By Lance Selfa | July 8, 2005 | Page 4

IT WAS with its characteristic flair for surprise that the Zapatista National Liberation Army (EZLN) declared a "red alert" on June 20.

In a communiqué issued by Internet that shot around the world, the EZLN told its supporters that it was taking this precaution in preparation for a meeting of its supporters in Chiapas to consider "a new step in the struggle, a step which entails, among other things, risking the much or little which has been achieved and worsening the persecution and harassment of the Zapatista communities."

At the same time, the Zapatistas released a letter in which they blasted all of the political parties of the Mexican establishment, including the party of the presumed favorite in the 2006 presidential race, Andrés Manuel López Obrador--the populist Party of the Democratic Revolution (PRD).

It's unlikely that the red alert was a response to a government attack that was about to be launched.

Of course, the possibility of such an attack is ever-present for the Zapatistas, operating small "good government" communities in Chiapas, independent of the state authorities. Likewise, U.S. pressure to step up repression against Central American criminal gangs and drug traffickers--the latest rationalization for the projection of U.S. military force into this resource-rich area--always poses a threat to the EZLN.

Nevertheless, nearly two weeks after the red alert, major troop movements hadn't yet been spotted. As time passed since the "red alert" declaration, it became clearer that the main motivation for the June 20 announcement was political. The Zapatistas have said as much.

The EZLN is undergoing a process of reorganization and discussion that will shortly produce a new political departure for the organization.

Over the course of their existence as an openly proclaimed rebel force, the Zapatistas have taken several initiatives aimed at projecting themselves beyond Chiapas. These have usually coincided with the six-year election cycle of Mexican presidential politics.

Three weeks before the 1994 national election, they hosted the National Democratic Convention (CND) that brought thousands of activists to Chiapas. At the CND, the EZLN attempted to shift Mexican politics to the left by urging a vote against the right-wing National Action and Institutional Revolutionary Parties--a tacit endorsement of populist candidate Cuahtémoc Cárdenas of the PRD.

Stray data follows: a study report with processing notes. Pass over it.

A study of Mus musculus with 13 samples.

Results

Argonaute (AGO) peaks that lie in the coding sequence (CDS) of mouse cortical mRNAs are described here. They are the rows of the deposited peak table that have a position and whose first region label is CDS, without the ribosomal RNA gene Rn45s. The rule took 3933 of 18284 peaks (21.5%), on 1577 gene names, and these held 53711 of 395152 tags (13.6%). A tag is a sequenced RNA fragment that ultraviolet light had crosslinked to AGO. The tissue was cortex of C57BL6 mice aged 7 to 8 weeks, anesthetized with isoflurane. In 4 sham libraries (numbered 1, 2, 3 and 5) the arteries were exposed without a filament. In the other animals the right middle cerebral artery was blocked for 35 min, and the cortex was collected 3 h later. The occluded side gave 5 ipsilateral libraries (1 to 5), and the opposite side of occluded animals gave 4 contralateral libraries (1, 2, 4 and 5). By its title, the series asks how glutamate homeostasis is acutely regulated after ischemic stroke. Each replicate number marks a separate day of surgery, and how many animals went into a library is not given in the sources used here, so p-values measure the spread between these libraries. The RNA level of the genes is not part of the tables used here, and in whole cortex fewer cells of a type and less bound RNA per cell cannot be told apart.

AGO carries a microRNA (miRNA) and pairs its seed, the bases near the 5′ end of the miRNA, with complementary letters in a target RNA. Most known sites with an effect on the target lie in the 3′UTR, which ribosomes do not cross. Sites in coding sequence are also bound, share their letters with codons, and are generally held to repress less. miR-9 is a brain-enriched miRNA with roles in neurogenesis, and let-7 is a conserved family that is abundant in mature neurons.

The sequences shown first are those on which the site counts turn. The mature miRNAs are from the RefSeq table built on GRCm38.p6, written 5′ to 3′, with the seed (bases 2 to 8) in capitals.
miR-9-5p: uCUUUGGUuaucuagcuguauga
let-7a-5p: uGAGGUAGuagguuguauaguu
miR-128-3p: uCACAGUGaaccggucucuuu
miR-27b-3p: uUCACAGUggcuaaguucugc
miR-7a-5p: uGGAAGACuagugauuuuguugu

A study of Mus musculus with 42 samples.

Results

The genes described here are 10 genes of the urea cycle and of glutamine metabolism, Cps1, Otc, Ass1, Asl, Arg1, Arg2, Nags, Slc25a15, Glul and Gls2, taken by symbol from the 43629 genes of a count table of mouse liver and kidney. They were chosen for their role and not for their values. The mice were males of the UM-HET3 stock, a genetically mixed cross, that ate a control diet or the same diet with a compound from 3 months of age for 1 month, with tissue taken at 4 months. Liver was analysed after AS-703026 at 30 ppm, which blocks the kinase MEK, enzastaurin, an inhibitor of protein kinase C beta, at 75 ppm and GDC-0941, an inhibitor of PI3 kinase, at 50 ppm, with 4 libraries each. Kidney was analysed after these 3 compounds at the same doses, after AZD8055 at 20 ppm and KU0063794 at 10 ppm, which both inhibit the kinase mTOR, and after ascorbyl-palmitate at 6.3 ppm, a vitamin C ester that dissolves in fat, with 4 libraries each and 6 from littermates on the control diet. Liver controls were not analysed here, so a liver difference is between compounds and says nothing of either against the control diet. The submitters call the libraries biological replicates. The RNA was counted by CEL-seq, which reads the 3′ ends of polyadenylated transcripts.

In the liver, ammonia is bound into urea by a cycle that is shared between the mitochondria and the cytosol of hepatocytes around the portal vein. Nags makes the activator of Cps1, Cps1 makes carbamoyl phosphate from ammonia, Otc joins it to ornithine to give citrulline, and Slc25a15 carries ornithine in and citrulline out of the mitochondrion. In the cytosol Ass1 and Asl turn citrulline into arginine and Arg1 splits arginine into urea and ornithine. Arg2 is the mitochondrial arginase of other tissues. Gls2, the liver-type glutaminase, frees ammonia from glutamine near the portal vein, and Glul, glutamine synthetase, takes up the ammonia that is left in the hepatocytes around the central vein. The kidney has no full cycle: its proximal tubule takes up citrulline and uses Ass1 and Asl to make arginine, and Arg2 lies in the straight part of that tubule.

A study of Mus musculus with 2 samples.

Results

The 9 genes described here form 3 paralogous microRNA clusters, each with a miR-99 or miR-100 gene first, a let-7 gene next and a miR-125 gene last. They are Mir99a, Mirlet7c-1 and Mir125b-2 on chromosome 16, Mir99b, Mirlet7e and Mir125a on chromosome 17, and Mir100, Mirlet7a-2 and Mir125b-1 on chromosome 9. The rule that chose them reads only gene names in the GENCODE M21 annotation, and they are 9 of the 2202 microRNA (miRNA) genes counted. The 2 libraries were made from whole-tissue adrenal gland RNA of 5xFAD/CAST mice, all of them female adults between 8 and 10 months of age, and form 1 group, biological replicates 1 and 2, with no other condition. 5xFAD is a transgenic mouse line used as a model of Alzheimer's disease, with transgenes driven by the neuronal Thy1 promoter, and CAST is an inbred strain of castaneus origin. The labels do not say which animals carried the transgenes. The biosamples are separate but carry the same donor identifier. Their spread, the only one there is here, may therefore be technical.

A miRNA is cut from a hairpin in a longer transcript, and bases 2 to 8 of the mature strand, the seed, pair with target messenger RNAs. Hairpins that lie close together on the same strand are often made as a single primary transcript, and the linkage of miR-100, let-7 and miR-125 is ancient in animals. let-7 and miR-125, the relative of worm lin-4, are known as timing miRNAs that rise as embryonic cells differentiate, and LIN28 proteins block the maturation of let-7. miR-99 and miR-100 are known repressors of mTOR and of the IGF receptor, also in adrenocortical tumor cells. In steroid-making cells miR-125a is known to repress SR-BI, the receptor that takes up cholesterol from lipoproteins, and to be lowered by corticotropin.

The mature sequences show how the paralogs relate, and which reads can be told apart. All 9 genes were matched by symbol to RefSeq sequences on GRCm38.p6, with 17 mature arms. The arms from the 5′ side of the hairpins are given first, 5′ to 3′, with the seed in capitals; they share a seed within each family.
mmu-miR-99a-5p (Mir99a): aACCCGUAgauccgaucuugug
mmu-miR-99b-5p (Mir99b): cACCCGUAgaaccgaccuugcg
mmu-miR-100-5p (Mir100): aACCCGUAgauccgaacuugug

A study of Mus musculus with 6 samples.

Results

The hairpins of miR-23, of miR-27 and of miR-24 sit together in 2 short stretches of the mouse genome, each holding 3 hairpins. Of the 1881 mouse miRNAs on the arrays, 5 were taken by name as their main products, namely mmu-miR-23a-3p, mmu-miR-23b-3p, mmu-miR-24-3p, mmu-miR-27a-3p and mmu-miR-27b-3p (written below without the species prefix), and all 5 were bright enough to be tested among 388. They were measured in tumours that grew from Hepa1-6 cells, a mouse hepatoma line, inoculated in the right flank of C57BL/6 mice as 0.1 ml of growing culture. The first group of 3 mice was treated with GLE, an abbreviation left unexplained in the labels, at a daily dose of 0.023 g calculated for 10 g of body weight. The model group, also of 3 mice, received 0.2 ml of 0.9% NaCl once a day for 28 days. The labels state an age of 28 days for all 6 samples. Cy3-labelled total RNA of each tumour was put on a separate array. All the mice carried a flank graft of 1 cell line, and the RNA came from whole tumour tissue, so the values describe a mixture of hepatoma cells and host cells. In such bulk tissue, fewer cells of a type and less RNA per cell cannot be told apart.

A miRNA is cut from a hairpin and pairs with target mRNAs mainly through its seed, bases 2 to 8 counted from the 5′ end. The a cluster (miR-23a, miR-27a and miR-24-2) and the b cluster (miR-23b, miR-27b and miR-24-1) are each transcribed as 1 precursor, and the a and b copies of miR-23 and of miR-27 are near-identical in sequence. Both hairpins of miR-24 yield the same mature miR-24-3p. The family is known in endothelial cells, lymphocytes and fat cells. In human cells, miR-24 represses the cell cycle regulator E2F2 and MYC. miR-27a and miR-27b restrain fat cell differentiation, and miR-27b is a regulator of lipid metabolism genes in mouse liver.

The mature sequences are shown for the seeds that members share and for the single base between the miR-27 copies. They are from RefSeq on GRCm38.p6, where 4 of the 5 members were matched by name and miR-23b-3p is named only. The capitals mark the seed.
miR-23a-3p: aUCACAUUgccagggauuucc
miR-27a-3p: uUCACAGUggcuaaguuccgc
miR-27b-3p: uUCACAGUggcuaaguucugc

In 2001, the Zapatistas organized a caravan from Chiapas to present to the National Congress a law granting autonomy to the indigenous people of the region. The caravan attempted to test newly elected President Vicente Fox's promise to end the stalemate in Chiapas in "15 minutes."

In both of these initiatives, EZLN hopes were dashed. The governing PRI won the 1994 elections. And in 2001, all the major parties joined together in the National Congress to vote down the Zapatista-backed proposals for autonomy.

So the question today is whether the EZLN red alert is a prelude to a similar proposal or a launching pad to something different.

One well-placed observer, Ana Esther Ceceña, a professor at the National Autonomous University in Mexico and a specialist on the EZLN, thinks the Zapatistas might be preparing to launch themselves as a legal political force. "[The red alert] could be a step into the underground, to strengthen the armed organization," Ceceña told the Argentinian newspaper Clarín. "Or it could be a step to turn itself into a legal political organization. The latter is more likely, without discarding the possibility that the Zapatista army will be left on the one hand, with a political arm on the other.

In their Sixth Declaration from the Lacandón Forest, issued June 26, the Zapatistas wrote: "A new step forward in the indigenous struggle is only possible if the indigenous join together with workers, campesinos, students, teachers, employees--the workers of the city and the countryside."

For a movement that had remained largely isolated in Chiapas and refused to project itself as a leadership for working-class people throughout Mexico, this could be a significant shift. But whether it means the Zapatistas see that their fate is tied to that of the Mexican working class or whether they are simply adjusting their populist rhetoric for the upcoming elections remains to be seen.